Once the sport of hustlers and barroom brawlers, arm-wrestling has hooked more followers in recent years, going from makeshift competitions in local taverns to organized tournaments at posh hotels.

With tournaments airing on cable sports networks such as ESPN and Fox Sports Net, fans are beginning to wonder: Will arm-wrestling, like poker before it, become the next sport to go mainstream?

"I believe we're on the verge of having the same thing happen to us that Texas hold 'em had happen to them," said Leonard Harkless, president of the U.S. Armwrestling Association. "Everybody has arm-wrestled -- it's probably the only sport out there. Almost everybody stuck their arm up there and tested how strong they were."

Competing since 1978 and now the sport's top referee (yes, there are proper black-and-white-clad referees), Harkless treats arm-wrestling as more passion than pastime. He wants to change the sport's barroom bent that paints arm-wrestlers as drunk, brutish and ready to fight.

"I knew guys who wrestled in bars for a couple hundred dollars," Harkless said. "It's no different than a pool shark. You can see how it escalates very quickly, especially if there's money involved. That's how our sport had a little bit of a rough reputation."

But with the Internet came change, he said. Organizing tournaments was easier, and its appeal spread.

"It's about locking and exploding on the 'Go,' " he said. "When that ref says 'Go,' your whole body, you want to move, shifting all of your body weight. The harder and faster you can hit with that body weight, the more power you have."

Fans of the sport are hoping that kind of action will hook audiences. From pre-tournament weigh-ins to trophy ceremonies lauding yet another round of national champions, arm-wrestling has an appeal much like reality TV.

Like boxing, arm-wrestling has various associations. About 400 members from each group gathered recently in Little Rock for the Unified National Armwrestling Championship. Winners from each weight class head to Tokyo for world competition next month.

The stress starts at the weigh-ins, which have competitors sweating in steam rooms -- or, like eight-time national champion Michael Todd of Sheridan, Ark., eating 5,000 calories a day to bulk up with the 221-to-242-pounders.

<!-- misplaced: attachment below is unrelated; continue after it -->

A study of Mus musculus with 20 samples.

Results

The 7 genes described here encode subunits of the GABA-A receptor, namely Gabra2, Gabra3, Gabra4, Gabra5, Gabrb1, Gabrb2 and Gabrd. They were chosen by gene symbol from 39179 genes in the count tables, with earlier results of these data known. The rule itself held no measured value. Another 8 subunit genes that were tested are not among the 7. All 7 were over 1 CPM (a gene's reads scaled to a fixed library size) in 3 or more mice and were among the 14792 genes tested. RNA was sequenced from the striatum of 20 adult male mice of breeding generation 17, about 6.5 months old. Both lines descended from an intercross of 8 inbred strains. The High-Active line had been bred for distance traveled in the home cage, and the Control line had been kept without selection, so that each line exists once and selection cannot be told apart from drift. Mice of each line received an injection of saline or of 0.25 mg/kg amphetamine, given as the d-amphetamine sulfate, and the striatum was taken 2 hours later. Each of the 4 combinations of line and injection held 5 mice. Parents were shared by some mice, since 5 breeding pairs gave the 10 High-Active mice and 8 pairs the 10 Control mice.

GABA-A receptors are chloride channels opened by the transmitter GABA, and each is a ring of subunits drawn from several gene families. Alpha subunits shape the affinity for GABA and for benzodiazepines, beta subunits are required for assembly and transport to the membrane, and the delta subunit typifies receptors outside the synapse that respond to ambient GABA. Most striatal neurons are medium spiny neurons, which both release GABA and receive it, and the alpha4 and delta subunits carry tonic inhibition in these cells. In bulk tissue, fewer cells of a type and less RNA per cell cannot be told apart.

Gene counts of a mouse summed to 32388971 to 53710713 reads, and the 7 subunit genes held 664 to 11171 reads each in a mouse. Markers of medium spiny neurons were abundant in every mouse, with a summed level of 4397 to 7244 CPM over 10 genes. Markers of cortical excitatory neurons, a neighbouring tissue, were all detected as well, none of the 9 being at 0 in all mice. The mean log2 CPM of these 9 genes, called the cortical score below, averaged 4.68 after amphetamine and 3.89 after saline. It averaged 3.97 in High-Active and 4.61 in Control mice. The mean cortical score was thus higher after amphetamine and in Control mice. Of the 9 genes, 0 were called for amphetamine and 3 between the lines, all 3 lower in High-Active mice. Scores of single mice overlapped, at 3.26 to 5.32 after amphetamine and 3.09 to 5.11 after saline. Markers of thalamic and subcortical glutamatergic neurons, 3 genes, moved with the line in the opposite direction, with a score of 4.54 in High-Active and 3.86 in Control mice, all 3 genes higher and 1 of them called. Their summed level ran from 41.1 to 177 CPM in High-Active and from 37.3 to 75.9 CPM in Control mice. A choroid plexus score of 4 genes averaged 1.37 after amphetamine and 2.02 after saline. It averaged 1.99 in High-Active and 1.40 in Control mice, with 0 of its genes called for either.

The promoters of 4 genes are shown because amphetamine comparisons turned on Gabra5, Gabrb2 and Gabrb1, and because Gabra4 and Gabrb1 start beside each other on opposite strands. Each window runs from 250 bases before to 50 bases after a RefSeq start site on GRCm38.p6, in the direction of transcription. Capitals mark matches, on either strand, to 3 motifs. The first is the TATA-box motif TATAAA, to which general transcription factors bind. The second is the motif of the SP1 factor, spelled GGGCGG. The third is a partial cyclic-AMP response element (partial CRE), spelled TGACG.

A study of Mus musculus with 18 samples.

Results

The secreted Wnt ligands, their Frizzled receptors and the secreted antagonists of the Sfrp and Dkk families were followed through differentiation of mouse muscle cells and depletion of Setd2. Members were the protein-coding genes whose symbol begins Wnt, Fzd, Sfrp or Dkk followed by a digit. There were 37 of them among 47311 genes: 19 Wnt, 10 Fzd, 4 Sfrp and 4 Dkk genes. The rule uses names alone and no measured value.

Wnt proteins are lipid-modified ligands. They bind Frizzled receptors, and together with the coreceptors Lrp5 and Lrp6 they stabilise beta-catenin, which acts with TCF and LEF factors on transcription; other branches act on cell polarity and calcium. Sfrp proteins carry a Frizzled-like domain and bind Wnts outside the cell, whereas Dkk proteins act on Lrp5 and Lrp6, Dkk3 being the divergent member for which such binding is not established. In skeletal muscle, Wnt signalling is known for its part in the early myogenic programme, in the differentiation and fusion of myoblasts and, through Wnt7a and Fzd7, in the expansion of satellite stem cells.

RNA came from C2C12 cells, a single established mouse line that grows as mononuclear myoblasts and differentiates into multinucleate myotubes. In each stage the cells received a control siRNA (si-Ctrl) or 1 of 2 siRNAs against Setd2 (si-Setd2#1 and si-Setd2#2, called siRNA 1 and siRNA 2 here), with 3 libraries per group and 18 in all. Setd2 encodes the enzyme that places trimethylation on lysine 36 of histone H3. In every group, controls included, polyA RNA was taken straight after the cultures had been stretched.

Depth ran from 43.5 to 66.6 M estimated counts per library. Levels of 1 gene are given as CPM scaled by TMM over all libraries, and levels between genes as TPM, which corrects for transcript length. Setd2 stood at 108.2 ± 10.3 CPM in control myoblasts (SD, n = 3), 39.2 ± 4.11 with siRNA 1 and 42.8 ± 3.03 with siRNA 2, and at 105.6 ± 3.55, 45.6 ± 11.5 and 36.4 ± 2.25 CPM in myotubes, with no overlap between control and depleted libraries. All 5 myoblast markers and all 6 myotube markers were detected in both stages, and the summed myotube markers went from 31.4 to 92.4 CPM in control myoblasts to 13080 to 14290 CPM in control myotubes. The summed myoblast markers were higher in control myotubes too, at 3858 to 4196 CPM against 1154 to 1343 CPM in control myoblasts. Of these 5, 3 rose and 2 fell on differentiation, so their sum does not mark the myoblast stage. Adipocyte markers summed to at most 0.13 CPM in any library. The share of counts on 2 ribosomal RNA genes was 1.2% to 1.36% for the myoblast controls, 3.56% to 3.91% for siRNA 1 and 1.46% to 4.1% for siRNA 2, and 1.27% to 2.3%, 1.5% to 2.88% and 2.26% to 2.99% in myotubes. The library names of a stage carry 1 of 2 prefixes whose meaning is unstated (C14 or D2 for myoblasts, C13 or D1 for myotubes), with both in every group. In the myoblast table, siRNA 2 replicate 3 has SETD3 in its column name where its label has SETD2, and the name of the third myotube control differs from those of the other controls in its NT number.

"I realistically eat every hour and 15 minutes," Todd said, sitting down to a bowl filled with an entire box of macaroni and cheese and two cans of tuna. "I watch the clock to see when I eat again. I'm almost upset that I'm not eating now."

To make weight, some competitors stripped behind curtains, saying clothing can add up to four pounds.

Lee Freeman, a bodyguard and bouncer from Omaha, Neb., who started promoting tournaments back in 1972, said there are special gripping exercises that build the forearm, the crucial muscle in arm-wrestling. Competitors walk around with rocklike forearms, the better to slam opponents with.

"It's a legitimate sporting event like football, baseball, anybody else," Freeman said while watching the action in Little Rock. "These guys train just as hard."

Arguably arm-wrestling's most famous competitor, John Brzenk of Sandy, Utah, says he grows tired of stereotypes that mark it as a joke sport. Brzenk claimed fame when he won a $100,000 tractor-trailer in the 1986 Las Vegas tournament that served as backdrop for Sylvester Stallone's 1987 cult arm-wrestling film "Over the Top."

"These are guys who have dedicated their lives to arm-wrestling," said Brzenk, a Delta Air Lines mechanic. "They train. They lift. They analyze the sport."

Brzenk wins about $10,000 a year competing in tournaments. But he says if you average that out over his training time, "It comes out to 25 cents an hour. I'm thinking about it 24-7."

Tournaments such as the one in Arkansas give Brzenk the chance to test that devotion against the best in the country.

Before matches, competitors chalk their hands and elbows to prevent slippage. Referees set opponents' hands, sometimes finger by finger, to make sure no one has an advantage. Competitors can't move their hands until the referee yells "Ready, go!" Even the slightest muscle twist and it's a foul or false start.

There are right- and left-handed competitions, with wrestlers grasping a wooden peg with their opposite hand for balance.

"You can break your arm if you're not ready," Freeman said. "When it snaps you'll know. It sounds like a piece of celery breaking."

From 110-pound women to 400-plus-pound men, competitors hold their breath with veins popping, shoulders shaking and knees wrapped around the table legs to brace themselves. When the action gets hot, wrestlers writhe and wiggle while knuckles turn white.

If the chalk doesn't work or technique meets experience and opponents' hands slip apart, referees will use a blue strap to bind the wrists together. Those are the good matches -- the ones that last longer than a few seconds.

When local favorite Todd takes the table, the crowd goes wild. Todd, one of about a dozen arm-wrestlers with a professional sports agent, has four championships on each arm and prides himself on coming from behind.

In this particular match as he battles back, his face turns red, he clenches his teeth, licks his lips and lets out a final loud cry before slamming his opponent's hand on the pad. This match ends with a handshake. Others finish with hard stares.

Perfect drama. The American mainstream loves matches like that, Harkless said.

Nate Adams of Birmingham tries to mount a comeback against John Shaw of Fallon, Nev., at the U.S. ArmSports Unified National Armwrestling Championship.Tony Picchioldi of St. Louis shows his game face against Steve "Razor" Rau

of Sheboygan, Wis., during the tournament, held this summer in Little Rock.